Just a quick update on the Happy Drop-Off "Incentive" Program we started a few weeks ago: Bribery Works. Now to figure out how to rein it in...maybe just wait until the Halloween candy is gone? For now, we're just basking in the tear-free, pleasant goodbyes....even if I do have to respond to the comment, "But saying goodbye is just So Hard. And I just miss you and Max So Much," 47 times every Monday, Wednesday, and Friday morning....
And on a completely different Preschool Subject....
So, apparently, there's this girl.
I know, RIGHT? Last Friday, Evan got into the car talking about a little girl in his class. I'll call her A. He mentioned her several times in retelling the activities of his day, prompting me to say, "A sounds like a really nice friend. Do you play with A?" He shrugged his shoulders and said, "I guess." Then he said, "We should have a playdate with A at our house." !!! He's never asked to play with a friend before. All playdates happen because Mommy makes them happen. "That sounds like a great idea, buddy! Maybe I could call her Mommy and set up a time for them to come over." He didn't respond and I didn't belabor the point. The subject changed to other topics and we didn't mention A again all weekend.
Today, I arrived to pick him up a few minutes early. When I popped my head in the classroom, Ms. B was reading a story and the kids were seated on the rug. "A" was sitting thisclose to Evan, who appeared completely oblivious to the physical proximity of this little girl. When she saw me, she started (gently, but firmly) pulling on his arm and pointing to me, indicating that it was time for him to leave. Evan, again oblivious to the physical contact, instead looks at me, silently points to the story, and asks me with only a look "Can we stay and listen to the end?" So Max and I take our seats on the rug.
For the rest of the read-aloud, A sits with the entire left side of her body touching the entire right side of Evan's body. Every so often, she glances back at me and offers a shy, sweet smile that I can only read as, "Um? giggle I like your son," and then....periodically PLACES HER HAND ON HIS ARM and once even HOLDS HIS HAND. And all the while, Evan is so engrossed in the book that he is COMPLETELY oblivious to her advances. Either that or this is such a regular occurrence that he's used to it by now. (?!)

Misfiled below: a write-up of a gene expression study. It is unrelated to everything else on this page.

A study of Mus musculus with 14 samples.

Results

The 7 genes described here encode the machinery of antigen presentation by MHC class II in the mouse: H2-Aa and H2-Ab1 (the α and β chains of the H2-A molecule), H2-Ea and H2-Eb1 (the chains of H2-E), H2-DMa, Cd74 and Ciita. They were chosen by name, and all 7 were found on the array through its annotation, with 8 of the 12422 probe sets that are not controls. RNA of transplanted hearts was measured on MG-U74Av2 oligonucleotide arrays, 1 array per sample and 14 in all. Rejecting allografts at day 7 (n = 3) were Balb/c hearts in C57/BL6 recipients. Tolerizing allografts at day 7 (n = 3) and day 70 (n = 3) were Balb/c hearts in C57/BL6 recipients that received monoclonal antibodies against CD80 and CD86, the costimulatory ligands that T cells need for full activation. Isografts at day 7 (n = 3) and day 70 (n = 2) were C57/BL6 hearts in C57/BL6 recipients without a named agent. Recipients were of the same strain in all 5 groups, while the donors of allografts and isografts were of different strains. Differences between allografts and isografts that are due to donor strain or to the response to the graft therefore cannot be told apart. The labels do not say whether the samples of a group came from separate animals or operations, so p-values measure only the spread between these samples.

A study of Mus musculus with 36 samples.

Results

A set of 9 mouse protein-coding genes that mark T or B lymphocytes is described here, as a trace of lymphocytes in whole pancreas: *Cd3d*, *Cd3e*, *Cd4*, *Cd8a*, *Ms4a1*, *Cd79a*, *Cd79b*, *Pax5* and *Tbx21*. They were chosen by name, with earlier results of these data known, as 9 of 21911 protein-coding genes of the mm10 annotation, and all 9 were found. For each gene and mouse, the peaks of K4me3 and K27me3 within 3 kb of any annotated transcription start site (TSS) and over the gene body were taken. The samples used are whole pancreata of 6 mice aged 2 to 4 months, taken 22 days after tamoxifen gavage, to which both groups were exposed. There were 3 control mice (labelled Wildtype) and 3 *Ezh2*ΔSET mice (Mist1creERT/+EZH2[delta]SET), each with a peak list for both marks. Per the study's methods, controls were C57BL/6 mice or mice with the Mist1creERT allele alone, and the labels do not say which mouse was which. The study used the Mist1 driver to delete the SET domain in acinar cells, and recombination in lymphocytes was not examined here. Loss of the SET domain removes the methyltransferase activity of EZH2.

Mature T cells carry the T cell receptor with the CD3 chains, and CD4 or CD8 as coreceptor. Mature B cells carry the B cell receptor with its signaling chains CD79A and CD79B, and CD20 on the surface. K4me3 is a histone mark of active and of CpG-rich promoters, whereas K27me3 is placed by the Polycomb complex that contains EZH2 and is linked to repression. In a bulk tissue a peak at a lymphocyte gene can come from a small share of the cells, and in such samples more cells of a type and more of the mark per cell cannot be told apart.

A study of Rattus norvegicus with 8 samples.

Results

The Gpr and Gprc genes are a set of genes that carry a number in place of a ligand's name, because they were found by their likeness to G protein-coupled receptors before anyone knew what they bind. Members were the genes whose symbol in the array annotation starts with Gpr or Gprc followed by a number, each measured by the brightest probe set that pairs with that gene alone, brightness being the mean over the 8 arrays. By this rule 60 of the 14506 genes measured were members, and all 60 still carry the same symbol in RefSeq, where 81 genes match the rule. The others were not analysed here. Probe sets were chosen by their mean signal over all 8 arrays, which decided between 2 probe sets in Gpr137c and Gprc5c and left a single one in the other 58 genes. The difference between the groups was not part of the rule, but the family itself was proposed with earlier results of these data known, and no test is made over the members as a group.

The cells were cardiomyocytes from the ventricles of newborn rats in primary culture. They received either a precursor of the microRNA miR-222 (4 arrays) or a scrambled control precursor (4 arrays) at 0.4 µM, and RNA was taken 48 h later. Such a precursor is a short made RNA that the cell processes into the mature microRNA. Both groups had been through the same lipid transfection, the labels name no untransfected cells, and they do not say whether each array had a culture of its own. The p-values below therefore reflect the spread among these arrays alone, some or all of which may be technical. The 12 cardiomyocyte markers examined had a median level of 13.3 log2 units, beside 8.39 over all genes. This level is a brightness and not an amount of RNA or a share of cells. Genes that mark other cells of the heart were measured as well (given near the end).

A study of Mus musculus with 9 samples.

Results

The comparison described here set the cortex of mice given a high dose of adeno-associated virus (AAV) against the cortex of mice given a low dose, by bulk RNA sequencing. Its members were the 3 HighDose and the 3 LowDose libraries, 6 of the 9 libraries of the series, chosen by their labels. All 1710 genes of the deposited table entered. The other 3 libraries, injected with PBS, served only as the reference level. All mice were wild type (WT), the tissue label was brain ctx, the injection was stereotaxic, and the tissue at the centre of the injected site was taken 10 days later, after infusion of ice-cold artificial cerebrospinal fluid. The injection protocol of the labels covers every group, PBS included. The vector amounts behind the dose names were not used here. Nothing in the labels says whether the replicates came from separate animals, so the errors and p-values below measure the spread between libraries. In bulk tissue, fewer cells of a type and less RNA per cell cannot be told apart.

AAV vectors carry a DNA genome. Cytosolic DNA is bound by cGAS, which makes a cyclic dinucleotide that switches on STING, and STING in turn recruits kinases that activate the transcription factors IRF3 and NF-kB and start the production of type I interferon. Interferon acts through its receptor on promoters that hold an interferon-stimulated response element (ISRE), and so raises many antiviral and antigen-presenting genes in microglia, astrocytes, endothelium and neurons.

As we're walking out to the car, Evan says, "Well, A wants to play at our house."
"Sure! Did you invite her over?"
"No. She said it."
"Oh, well, would you like A to come over to play?"
"[Sigh] I guess. She said she's going to."
I asked him if they play together at school.
"Sometimes. She plays with ALL the kids, though."
"And sometimes you play with her?"
"Yes. And I'm the puppy and she feeds me carrots."
Then we shared a good laugh about Who Feeds a Puppy CARROTS?!
I'm not going to rush to set up a playdate. I think I'll wait to figure out if this is a friendship he wants to develop or if she's pursuing him one-sidedly. And if she is, that's not a bad thing: Evan is used to being the Decision Maker when it comes to play around here. It wouldn't be terrible for him to experience what Max experiences on a near-daily basis. And besides Max and his cousins, Evan doesn't really play with other kids. He watches what other kids do and sometimes plays alongside his peers, but he rarely engages WITH other kids. So this is a really Huge Step in his social development. And can't you just picture it? "A," a sweet little, blonde-ponytailed girl saying, "Okay, Evan. Now you're my puppy and I'm going to feed you carrots," and Evan rolling his eyes at the absurdity of the game....yet still playing along. Because that's what socially well-adjusted kids do.
Yup. He's going to be Just Fine. I'm keeping my eye on A, though.